A new survey from the National Association of Convenience Stores finds that the number of people who say they’re optimistic or very optimistic about the economy fell by 3 percentage points, from 47% to 44%, in the past month. That pessimistic attitude has kicked in even as people say they expect gas prices to stay low for the foreseeable future.

Usually, cheaper gas gives Americans more of a rose-colored view of their finances, but that’s not happening this time.

Read next: Already Cheap Gas Will Get Even Cheaper This Summer

Although the number of those surveyed who said they were “very optimistic” about the economy ticked up slightly from July to August (from 9% to 10%), the number who considered themselves “optimistic” fell from 38% in July to 34% this month. By comparison, 49% of respondents said they were very or somewhat optimistic a year earlier, even though the average price of gas was 54¢ a gallon higher.

The most likely culprit, NACS said, is this year’s contentious presidential election cycle. “Consumer optimism has decoupled from gas price changes for only the second time in three years—and in both cases the news was dominated by politics,” spokesman Jeff Lenard said in a statement.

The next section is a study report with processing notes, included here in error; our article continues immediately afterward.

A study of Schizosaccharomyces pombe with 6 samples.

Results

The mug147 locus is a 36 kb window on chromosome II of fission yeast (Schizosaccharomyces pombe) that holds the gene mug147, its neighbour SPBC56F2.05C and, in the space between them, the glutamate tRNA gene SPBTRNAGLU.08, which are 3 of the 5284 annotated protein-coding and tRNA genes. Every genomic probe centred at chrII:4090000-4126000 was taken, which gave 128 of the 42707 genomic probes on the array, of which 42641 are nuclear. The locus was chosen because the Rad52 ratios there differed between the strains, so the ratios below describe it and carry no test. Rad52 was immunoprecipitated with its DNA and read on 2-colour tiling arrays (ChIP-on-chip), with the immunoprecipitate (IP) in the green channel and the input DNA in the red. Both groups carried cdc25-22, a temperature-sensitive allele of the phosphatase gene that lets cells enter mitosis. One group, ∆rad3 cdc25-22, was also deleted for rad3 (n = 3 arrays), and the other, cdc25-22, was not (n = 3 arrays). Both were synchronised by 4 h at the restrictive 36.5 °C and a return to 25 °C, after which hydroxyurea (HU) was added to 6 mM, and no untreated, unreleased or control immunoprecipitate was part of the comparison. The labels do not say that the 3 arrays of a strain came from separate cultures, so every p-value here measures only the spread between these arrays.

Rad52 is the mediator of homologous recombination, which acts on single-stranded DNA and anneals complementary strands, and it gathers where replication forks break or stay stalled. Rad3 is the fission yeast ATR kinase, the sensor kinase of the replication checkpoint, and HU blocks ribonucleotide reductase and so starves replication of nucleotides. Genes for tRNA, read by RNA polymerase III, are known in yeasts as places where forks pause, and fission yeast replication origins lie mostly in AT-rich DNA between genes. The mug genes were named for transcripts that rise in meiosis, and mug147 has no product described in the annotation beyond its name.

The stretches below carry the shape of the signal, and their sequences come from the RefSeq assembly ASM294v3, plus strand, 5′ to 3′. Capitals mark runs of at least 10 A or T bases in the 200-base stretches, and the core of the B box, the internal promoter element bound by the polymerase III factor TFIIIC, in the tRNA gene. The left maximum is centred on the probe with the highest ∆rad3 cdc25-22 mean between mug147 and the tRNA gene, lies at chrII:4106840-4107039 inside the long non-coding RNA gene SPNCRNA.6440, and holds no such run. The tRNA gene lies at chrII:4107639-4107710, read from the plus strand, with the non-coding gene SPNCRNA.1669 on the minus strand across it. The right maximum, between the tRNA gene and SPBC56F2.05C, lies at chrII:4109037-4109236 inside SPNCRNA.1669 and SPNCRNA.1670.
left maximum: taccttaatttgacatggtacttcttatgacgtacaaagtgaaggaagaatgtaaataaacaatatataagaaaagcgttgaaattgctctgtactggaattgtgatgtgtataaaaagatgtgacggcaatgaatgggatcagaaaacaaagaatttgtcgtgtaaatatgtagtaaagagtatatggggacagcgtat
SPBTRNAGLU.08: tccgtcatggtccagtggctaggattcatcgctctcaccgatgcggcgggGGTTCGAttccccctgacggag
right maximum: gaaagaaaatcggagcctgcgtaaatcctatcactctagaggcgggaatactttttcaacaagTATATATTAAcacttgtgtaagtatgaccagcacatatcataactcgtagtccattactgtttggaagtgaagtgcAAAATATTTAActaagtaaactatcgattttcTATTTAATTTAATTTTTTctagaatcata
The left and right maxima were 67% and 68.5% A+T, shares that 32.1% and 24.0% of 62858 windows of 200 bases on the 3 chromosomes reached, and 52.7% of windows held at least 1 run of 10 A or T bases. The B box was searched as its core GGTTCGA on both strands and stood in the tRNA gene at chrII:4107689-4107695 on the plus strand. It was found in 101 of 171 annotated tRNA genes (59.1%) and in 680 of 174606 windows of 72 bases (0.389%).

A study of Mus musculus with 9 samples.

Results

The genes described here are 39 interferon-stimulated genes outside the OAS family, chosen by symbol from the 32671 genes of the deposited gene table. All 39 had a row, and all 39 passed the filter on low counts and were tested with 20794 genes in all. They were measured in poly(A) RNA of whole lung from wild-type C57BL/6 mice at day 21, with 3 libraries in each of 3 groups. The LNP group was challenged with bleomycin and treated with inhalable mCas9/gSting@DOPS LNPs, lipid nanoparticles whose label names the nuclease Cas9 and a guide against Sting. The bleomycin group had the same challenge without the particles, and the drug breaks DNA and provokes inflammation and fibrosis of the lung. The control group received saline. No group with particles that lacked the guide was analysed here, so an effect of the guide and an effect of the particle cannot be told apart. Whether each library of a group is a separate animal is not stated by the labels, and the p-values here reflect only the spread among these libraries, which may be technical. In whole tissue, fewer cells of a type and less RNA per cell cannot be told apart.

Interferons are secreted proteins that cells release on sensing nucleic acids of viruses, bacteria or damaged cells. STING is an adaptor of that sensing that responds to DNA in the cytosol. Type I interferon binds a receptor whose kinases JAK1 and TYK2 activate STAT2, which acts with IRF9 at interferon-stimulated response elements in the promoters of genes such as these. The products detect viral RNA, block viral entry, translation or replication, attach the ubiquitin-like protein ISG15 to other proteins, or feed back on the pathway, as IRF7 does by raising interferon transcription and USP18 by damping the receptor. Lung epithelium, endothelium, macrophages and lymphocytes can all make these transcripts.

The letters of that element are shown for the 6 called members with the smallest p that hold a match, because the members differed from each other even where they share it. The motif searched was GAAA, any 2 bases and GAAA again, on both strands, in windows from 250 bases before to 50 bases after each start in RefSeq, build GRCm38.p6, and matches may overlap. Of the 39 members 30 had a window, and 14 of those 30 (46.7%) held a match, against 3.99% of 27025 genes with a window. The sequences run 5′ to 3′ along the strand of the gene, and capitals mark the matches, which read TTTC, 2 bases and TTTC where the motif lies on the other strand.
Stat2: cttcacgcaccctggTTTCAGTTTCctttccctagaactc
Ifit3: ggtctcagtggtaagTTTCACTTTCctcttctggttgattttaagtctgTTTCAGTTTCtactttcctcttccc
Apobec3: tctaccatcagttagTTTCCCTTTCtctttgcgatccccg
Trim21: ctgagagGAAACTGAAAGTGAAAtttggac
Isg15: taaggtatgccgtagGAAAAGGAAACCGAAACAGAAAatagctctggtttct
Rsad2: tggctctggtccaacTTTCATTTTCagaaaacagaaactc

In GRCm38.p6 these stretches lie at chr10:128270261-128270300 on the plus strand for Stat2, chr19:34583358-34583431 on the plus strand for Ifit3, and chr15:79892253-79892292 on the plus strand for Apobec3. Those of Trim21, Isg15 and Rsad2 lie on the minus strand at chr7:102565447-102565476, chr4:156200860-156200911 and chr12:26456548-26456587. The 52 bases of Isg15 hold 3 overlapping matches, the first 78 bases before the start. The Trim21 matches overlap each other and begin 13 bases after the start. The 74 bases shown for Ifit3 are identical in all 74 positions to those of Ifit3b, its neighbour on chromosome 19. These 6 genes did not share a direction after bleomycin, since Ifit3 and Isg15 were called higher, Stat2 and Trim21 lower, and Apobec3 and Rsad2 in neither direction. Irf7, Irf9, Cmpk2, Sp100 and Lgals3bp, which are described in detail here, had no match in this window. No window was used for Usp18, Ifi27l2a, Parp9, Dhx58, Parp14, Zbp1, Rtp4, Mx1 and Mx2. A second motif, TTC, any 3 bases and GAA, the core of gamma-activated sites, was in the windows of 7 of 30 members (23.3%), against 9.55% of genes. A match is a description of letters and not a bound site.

NACS also theorized that gas prices have been so low for so long that they’re losing their ability to boost our collective mood, pointing out that barely more than one in five people surveyed this month said gas prices have a “great impact” on how they feel about the economy. That figure is consistent with last month, and those two months are the lowest since NACS started asking gas buyers this question at the beginning of 2013. It may be that, as gas prices drop, economic optimism becomes less dependent on the price at the pump.

The gloomier outlook is especially notable because almost 60% of Americans think that gas will cost the same or less a month from now, indicating that even looking forward to even cheaper fill-ups isn’t enough to erase our politically motivated malaise.

It’s likely that the recent political conventions pushed down optimism and the rancor of the campaigns is taking its toll on consumer optimism,” Lenard said.